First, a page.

Residents decry plan to drill on Silt Mesa
Aspen, CO Colorado
GLENWOOD SPRINGS – Apparently swayed by citizen anger, the Garfield County commissioners will hold a special meeting on Nov. 9 in Rifle to talk about gas drilling on Silt Mesa.
A half-dozen or so residents of Silt Mesa appeared before the board of county commissioners on Monday to object to a plan by Antero Resources to vastly increase the density of drilling in their neighborhood.
The company has applied to the Colorado Oil and Gas Conservation Commission (COGCC) to step up the density from its current level, one well per 160 acres, to one well per 10 acres.
The company has stressed repeatedly that the increased density deals with bore holes underground, and does not indicate plans for one gas-drilling operation per 10 acres on the surface.
But those speaking at the meeting indicated skepticism about the company’s claims that the increased well density should not cause them concern.
“I’m scared to death,” said Sandy Pickard, pointing to a recent stop-work order that the county imposed on an Antero pipeline project near Silt, amid charges that the project was being done in a sloppy and hazardous fashion.
If the company has such difficulties laying pipe in shallow trenches, Pickard asked, “we’re supposed to have confidence that they can drill over a mile deep into formations that have never been drilled before?”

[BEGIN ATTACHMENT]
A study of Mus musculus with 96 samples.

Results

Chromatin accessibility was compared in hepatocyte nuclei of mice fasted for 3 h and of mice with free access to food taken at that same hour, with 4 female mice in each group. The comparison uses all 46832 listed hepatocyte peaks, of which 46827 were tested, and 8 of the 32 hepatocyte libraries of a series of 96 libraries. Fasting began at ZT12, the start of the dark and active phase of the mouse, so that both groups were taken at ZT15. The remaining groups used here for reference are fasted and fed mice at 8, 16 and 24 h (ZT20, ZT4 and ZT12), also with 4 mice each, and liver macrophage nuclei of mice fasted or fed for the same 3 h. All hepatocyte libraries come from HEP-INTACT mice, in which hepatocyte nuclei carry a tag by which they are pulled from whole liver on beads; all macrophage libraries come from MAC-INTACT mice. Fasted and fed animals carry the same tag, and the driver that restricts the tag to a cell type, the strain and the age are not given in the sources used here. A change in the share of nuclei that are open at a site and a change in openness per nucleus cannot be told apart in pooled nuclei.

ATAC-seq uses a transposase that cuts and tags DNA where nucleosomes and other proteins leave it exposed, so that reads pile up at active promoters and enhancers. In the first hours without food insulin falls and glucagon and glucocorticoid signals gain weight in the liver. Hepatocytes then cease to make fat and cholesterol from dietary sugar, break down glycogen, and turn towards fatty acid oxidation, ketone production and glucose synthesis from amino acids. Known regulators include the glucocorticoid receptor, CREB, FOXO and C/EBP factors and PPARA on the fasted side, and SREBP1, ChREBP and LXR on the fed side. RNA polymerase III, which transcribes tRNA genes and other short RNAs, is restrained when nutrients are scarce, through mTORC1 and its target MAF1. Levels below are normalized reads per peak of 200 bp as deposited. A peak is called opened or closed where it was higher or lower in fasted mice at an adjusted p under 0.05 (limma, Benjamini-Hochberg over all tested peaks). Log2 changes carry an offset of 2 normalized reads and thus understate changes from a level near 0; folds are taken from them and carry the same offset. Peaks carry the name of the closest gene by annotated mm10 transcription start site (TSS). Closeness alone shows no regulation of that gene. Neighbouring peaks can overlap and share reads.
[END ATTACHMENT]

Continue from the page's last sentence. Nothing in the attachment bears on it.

She said she is worried about chemicals used in the gas drilling process known as “hydraulic fracturing,” or “frac’ing,” in which huge volumes of water, sand and chemicals are injected into bore holes to break up deep rock formations and allow gas and oil to flow more easily to the surface.
“If they won’t tell me what’s in it,” she said of the makeup of the frac’ing fluids, “I can’t feel it’s safe for me.” Some of the chemicals used are carcinogenic, although industry representatives have argued that the quantities involved are too small to affect human health.
Industry sources also have consistently claimed that information on frac’ing chemicals is available, although studies have concluded that the information referred to is incomplete.
“We’re most concerned about protecting our water,” said Nikki Fender, another Silt Mesa resident. “Increasing the well density will affect all who live up there, not to mention Rifle’s watershed.”
She said more well bores, regardless of whether they’re drilled from a central well pad or not, will mean more frac’ing and more potential for contamination of the area’s groundwater.
Nina Sonnier, another neighbor, told of growing up in the “gas lands” of Louisiana, with a well a quarter of a mile away from her family’s home.
Her sister, while in high school, developed lung cancer and died within a year of being diagnosed, she said emotionally.
“That personal experience,” she said, “alarms me, living on Silt Mesa.”
Commissioner Tresi Houpt, who sits on the COGCC, conceded that the neighbors’ concerns have not made much of an impression on the COGCC so far.
“Most of my colleagues still look at it as a technical question,” she said.
The Nov. 9 meeting is to be held at Colorado Mountain College’s West Campus, near the Garfield County Airport, starting at 8 a.m.